Unlike long term supply, a cover lesson for an unplanned absence is normally delivered by a randomly chosen teacher from another subject who happens to have some non-contact time. These lessons are planned in a hurry, either by an unwell teacher who has logged in from home, or by a busy Head of Department. I think we have to accept that a student may not learn anything

*new*when their teacher is off sick. As long as it's rare, that's not the end of the world. There are plenty of useful things that a student can do independently when their teacher is absent - in fact, it can be a really good opportunity to do some focused practice. To me, the worst kind of cover lessons are those where:

- The lesson requires expert knowledge on the part of the teacher delivering it. No one should be expected to stand up and teach a full lesson on something that they know nothing about. Cover lessons should be written with non specialists in mind.
- The lesson is hard work for the cover teacher. From a staff welfare perspective, we must be
*nice*to our colleagues and not give them anything complicated to deliver or challenging to oversee. Activities should minimise opportunities for disruptive behaviour. No one wants a cover lesson from hell. - There isn't enough work for students to do, or the instructions are unclear, or the required technology doesn't work, or there aren't enough resources to go round. Four students huddled around a single textbook isn't ideal.

Ideally we should always set an assessment in a cover lesson. That works perfectly. The cover teacher simply has to invigilate, and may even be able to get on with their marking or lesson planning. Instructions are clear and the risk of behaviour problems is minimised. However, sometimes the timing isn't right for an assessment.

From a maths perspective, the next best option is a whole lesson's worth of independent work - starting with a reminder of a method (in a textbook, on a worksheet or in a video), then a good set of practice questions and some extension problems. Ideally this lesson will be a continuation of the topic covered in the previous lesson. If your school has textbooks then this is easily done, but for schools without textbooks, I think that Corbett Maths is a very useful source of material.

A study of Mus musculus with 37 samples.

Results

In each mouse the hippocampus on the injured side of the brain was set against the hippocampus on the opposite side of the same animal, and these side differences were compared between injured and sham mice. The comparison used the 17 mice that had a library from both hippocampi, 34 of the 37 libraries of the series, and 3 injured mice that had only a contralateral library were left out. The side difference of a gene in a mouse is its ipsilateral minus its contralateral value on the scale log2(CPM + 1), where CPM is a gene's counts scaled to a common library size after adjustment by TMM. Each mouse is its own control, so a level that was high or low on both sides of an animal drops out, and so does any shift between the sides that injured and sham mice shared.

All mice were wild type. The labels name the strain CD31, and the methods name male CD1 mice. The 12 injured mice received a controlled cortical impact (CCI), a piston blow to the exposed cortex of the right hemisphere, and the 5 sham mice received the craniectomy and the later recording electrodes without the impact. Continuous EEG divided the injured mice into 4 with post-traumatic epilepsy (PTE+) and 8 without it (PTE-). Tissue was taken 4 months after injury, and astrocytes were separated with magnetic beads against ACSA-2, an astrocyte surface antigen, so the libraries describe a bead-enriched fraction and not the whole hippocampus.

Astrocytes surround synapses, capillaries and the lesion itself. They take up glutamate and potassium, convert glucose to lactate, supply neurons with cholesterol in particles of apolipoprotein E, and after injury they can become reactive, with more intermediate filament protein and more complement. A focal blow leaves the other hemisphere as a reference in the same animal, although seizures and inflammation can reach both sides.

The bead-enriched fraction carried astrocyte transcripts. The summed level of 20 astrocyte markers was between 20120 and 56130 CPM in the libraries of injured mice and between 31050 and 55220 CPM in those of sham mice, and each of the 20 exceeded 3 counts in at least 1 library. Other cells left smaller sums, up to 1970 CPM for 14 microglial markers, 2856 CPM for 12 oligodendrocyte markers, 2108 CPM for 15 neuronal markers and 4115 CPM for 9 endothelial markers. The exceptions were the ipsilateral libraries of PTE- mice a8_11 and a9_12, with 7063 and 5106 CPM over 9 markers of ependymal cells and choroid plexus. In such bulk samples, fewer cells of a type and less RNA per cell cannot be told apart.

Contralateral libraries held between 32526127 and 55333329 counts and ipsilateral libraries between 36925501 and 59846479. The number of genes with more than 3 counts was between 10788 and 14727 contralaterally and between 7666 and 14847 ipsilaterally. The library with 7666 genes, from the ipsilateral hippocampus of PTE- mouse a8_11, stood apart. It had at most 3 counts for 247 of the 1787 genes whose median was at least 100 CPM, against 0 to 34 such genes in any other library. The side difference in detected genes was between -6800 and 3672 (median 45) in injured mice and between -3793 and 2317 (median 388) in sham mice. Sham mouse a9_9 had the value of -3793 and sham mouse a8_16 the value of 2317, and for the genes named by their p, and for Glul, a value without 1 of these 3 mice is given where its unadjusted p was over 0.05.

Below is an example of a standard set of instructions for this kind of cover lesson - this can easily be copied and adapted for any topic.

Cover Lesson:Solving Quadratic Equations by Factorising

- Students write down the date and title in their exercise book.
- Show this seven minute video: https://corbettmaths.com/2013/05/03/solving-quadratics-by-factorising
- Display this slide on the board for the remainder of the lesson: https://drive.google.com/file/d/0B9L2lYGRiK2bRkhHM19WeGVPT1E/view?usp=sharing
- Hand out these worksheets: https://corbettmaths.files.wordpress.com/2013/02/solving-quadratics-by-factorising-1-pdf.pdf. Students must work independently in their exercise book. They must write down the questions and show all workings.
- If a student finishes the entire sheet, hand them these extension problems: http://donsteward.blogspot.co.uk/2011/09/two-root.html
- Five to ten minutes before the end of the lesson, display or read out the answers and ask students to mark their own work: https://corbettmaths.com/2016/10/15/solving-quadratics-by-factorising-1

This lesson is easy for a non-specialist to deliver. The video ensures that all students are reminded of the method and therefore able to get started. Students then work independently throughout the lesson, getting lots of worthwhile practice done. Perhaps the cover teacher will allow them to quietly ask their partner for help if they get stuck. Meanwhile, depending on the class, the cover teacher (assuming they're not a maths teacher) may even be able to get on with their work.

Mathsbox provides helpful cover lesson resources (with subscription), but I don't know of any other resources available that are specifically designed for cover. Corbett Maths videos and textbook exercises seem to work very well though. I'd love to hear if you've come up with another approach to cover lessons that makes them easy to plan, easy to run and worthwhile for students. Please share!